Fire regimes of juniper communities in the Columbia and northern Great basins

Publications Posted on: September 26, 2019
This synthesis summarizes information available in the scientific literature on historical patterns and contemporary changes in fuels and fire regimes in juniper communities of the Columbia and northern Great basins. Limited evidence suggests that many presettlement juniper woodlands and savannas had open stand structures, and they typically occurred in claypan soils or shallow soils on rocky sites.

Juniperus occidentalis

Publications Posted on: September 26, 2019
Western juniper occurs in the Pacific Northwest, California, and Nevada. Old-growth western juniper stands that established in presettlement times (before the 1870s) occur primarily on sites of low productivity such as claypan soils, rimrock, outcrops, the edges of mesas, and upper slopes. They are generally very open and often had sparse understories.

Response of conifer-encroached shrublands in the Great Basin to prescribed fire and mechanical treatments

Publications Posted on: July 14, 2015
In response to the recent expansion of pinon and juniper woodlands into sagebrush-steppe communities in the northern Great Basin region, numerous conifer-removal projects have been implemented, primarily to release understory vegetation at sites having a wide range of environmental conditions. Responses to these treatments have varied from successful restoration of native plant communities to complete conversion to nonnative invasive species.

Dynamics of western juniper woodland expansion into sagebrush communities in central Oregon

Publications Posted on: July 06, 2011
Western juniper (Juniperus occidentalis) woodlands in Oregon have expanded four-fold from 600,000 ha in 1930 to > 2.6 million ha, often resulting in the reduction and fragmentation of sagebrush (Artemisia spp.) communities. We documented dynamics of western juniper across the John Day Ecological Province in central Oregon by recording size class and growth form at 178 sites.

Combining a generic process-based productivity model classification method to predict the presence and absence species in the Pacific Northwest, U.S.A

Publications Posted on: November 29, 2010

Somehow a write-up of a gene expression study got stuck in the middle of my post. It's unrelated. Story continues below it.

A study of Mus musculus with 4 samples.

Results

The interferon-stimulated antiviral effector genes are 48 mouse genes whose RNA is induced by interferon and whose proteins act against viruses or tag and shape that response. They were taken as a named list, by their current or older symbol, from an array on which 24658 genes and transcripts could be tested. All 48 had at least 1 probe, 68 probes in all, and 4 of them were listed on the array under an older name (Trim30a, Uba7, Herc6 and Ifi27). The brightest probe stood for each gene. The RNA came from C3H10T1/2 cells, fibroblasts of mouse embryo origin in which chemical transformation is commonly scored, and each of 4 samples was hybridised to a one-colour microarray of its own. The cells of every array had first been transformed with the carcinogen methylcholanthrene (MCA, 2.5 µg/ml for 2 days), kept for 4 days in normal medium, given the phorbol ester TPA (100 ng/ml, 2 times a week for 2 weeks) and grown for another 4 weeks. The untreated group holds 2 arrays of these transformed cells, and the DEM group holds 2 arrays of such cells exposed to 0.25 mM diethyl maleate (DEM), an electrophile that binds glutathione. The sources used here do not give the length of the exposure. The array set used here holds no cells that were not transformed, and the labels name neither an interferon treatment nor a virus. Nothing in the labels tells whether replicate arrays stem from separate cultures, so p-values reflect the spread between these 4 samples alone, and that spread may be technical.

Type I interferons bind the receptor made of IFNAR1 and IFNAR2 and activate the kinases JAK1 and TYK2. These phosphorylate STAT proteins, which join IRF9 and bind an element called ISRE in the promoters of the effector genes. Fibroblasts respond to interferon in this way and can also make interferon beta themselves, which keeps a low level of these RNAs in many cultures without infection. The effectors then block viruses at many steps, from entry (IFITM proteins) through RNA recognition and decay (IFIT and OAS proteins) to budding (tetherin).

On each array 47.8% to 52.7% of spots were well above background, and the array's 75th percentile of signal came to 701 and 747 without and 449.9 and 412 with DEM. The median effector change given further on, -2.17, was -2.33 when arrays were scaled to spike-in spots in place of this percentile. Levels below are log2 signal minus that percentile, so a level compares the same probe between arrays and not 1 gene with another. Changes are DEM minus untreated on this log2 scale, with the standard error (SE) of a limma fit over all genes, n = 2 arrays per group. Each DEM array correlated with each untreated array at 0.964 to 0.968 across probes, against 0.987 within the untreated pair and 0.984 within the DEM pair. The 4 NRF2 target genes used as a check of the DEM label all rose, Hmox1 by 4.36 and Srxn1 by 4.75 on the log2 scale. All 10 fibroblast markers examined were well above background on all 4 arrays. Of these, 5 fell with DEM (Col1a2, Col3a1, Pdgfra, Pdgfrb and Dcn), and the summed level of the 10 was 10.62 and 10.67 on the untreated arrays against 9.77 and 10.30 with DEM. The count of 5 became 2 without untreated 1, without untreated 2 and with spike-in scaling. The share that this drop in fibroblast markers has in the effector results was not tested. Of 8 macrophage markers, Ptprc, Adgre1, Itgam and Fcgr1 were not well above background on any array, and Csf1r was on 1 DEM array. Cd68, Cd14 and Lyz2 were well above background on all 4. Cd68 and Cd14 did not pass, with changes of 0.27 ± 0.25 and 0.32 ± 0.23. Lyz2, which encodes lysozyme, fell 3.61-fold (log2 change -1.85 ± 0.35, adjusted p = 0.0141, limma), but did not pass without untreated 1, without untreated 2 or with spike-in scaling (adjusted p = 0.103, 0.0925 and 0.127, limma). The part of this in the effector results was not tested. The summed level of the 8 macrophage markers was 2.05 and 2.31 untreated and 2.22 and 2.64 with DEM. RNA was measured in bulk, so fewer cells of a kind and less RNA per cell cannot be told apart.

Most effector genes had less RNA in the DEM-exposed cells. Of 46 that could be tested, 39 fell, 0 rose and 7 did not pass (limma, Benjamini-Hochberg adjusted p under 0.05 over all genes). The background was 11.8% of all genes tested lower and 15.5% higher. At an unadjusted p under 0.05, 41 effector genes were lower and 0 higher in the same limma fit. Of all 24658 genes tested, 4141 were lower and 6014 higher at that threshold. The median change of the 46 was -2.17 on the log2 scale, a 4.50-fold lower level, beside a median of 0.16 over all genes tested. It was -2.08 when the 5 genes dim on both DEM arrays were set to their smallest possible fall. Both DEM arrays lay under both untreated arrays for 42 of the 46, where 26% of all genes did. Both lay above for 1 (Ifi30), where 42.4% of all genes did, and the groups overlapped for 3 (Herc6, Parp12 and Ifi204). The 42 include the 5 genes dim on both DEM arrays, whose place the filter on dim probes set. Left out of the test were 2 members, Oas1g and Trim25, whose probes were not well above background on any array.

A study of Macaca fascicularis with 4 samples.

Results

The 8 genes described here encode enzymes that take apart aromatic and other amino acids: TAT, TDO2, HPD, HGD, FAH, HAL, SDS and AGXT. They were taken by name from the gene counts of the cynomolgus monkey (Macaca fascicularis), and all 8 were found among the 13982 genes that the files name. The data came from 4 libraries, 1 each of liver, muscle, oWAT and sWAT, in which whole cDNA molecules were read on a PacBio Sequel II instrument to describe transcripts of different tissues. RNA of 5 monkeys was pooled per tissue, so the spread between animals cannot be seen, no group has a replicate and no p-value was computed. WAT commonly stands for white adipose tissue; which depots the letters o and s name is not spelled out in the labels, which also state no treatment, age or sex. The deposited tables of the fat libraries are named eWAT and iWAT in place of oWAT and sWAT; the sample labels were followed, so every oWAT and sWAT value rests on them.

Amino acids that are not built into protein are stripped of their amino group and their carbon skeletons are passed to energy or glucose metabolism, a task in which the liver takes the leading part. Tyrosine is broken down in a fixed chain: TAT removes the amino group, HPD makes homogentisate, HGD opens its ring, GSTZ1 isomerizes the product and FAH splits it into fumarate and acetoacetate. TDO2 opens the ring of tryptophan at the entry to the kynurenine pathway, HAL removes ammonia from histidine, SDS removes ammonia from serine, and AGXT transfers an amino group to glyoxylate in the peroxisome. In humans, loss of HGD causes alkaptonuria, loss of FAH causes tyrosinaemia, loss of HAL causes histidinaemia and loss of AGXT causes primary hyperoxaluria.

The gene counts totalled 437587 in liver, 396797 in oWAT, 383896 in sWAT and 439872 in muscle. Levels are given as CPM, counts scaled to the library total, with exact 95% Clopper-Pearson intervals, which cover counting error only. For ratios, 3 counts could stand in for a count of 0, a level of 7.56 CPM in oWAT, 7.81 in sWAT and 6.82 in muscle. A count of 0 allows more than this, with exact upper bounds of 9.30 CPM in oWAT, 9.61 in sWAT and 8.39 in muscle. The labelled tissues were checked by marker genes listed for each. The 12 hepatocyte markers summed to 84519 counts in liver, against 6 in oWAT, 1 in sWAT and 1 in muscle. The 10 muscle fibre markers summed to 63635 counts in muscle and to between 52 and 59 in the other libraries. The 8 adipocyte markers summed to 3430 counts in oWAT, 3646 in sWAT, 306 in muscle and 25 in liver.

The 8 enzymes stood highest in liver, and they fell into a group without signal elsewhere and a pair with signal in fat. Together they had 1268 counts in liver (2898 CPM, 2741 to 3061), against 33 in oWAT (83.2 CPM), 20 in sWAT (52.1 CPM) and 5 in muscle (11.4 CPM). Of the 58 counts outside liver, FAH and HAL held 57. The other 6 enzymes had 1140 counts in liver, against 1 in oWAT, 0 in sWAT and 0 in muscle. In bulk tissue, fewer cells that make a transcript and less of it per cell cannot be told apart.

Although long-lived tree species experience considerable environmental variation over their life spans, their geographical distributions reflect sensitivity mainly to mean monthly climatic conditions.We introduce an approach that incorporates a physiologically based growth model to illustrate how a half-dozen tree species differ in their responses to monthly variation in four climatic-related variables: water availability, deviations from an o

Characteristics of western juniper encroachment into sagebrush communities in central Oregon

Publications Posted on: November 18, 2009
Western juniper (Juniperus occidentalis) woodlands in Oregon have expanded four-fold from 600,000 ha in 1930 to > 2.6 million ha, often resulting in the reduction and fragmentation of sagebrush (Artemisia spp.) communities. We documented dynamics of western juniper across the John Day Ecological Province in central Oregon by recording size class and growth form at 178 sites.

Pinon and juniper field guide: Asking the right questions to select appropriate management actions

Publications Posted on: May 19, 2009
Pinon-juniper woodlands are an important vegetation type in the Great Basin. Old-growth and open shrub savanna woodlands have been present over much of the last several hundred years. Strong evidence indicates these woodlands have experienced significant tree infilling and major expansion in their distribution since the late 1800s by encroaching into surrounding landscapes once dominated by shrubs and herbaceous vegetation (fig. 1).

Fine-scale variation of historical fire regimes in sagebrush-steppe and juniper woodland: An example from California, USA

Publications Posted on: September 02, 2008
Coarse-scale estimates of fire intervals across the mountain big sagebrush (Artemisia tridentata spp. vaseyana (Rydb.) Beetle) alliance range from decades to centuries. However, soil depth and texture can affect the abundance and continuity of fine fuels and vary at fine spatial scales, suggesting fire regimes may vary at similar scales.

Age structure and expansion of pinon-juniper woodlands: a regional perspective in the Intermountain West

Publications Posted on: January 29, 2008
Numerous studies have documented the expansion of woodlands in the Intermountain West; however, few have compared the chronology of expansion for woodlands across different geographic regions or determined the mix and extent of presettlement stands. We evaluated tree age structure and establishment for six woodlands in four ecological provinces in the central and northern Great Basin.